Income tax and NIC thresholds
Income tax thresholds had already been frozen until April 2026 but this freeze has been extended by two years to April 2028. The Chancellor also announced that the threshold over which individuals are subject to the additional rate of income tax (45%) will reduce from £150,000 to £125,140 from April 2023.
The threshold at which workers start paying NICs and the threshold at which employers start to pay NICs will be fixed until April 2028. There is however some relief for employers as the employer allowance will remain at £5,000 until April 2026.
As wages continue to grow, employees will undoubtedly notice the impact of these threshold freezes in real terms, as will employers. The additional rate change will need to be considered as part of the Pay-As-You-Earn employee tax collection system.
Electric vehicles (EVs)
As widely expected, given the increasing popularity of electric vehicles, the Chancellor confirmed today that the benefit in kind (BIK) charge on EVs of 2% will remain in place until 2025 but will then increase by 1% each year until it reaches 5% in 2027/28. Despite the increase, EVs will still generate a considerably lower BIK value than petrol or diesel powered vehicles. EVs are specifically excluded from the optional remuneration arrangements legislation, meaning salary sacrifice still offers considerable tax and NIC savings for employees and employers.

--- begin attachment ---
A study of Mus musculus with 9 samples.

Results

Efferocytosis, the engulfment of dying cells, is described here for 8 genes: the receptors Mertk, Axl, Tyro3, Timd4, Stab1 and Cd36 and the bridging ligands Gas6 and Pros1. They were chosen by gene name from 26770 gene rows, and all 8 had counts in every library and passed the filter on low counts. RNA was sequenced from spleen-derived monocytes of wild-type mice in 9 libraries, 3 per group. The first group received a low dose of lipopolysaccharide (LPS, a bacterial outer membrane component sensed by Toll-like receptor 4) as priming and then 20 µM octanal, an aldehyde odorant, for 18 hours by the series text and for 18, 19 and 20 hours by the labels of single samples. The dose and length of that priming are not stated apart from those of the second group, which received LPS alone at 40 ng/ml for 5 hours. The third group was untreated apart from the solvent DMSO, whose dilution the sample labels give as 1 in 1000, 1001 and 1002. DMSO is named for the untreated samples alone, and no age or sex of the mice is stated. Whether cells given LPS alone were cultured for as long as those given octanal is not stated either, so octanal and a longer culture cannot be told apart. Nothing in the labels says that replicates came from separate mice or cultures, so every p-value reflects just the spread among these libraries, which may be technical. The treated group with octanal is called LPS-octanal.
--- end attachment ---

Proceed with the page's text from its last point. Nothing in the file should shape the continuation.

One factor that will likely lead to increased costs for employers providing EVs to its employees, however, is the introduction of vehicle excise duty on electric cars from April 2025.
National Living Wage (NLW) and National Minimum Wage (NMW)
It will be welcome news for employees paid the NLW or NMW that the Chancellor has announced increases to both from April 2023. The NLW will increase by approximately 10% to £10.42.
Autumn Statement 2022
Analysis and commentary from the experts at Evelyn Partners, identifying the key tax changes and outlining the practical implications for you and your business.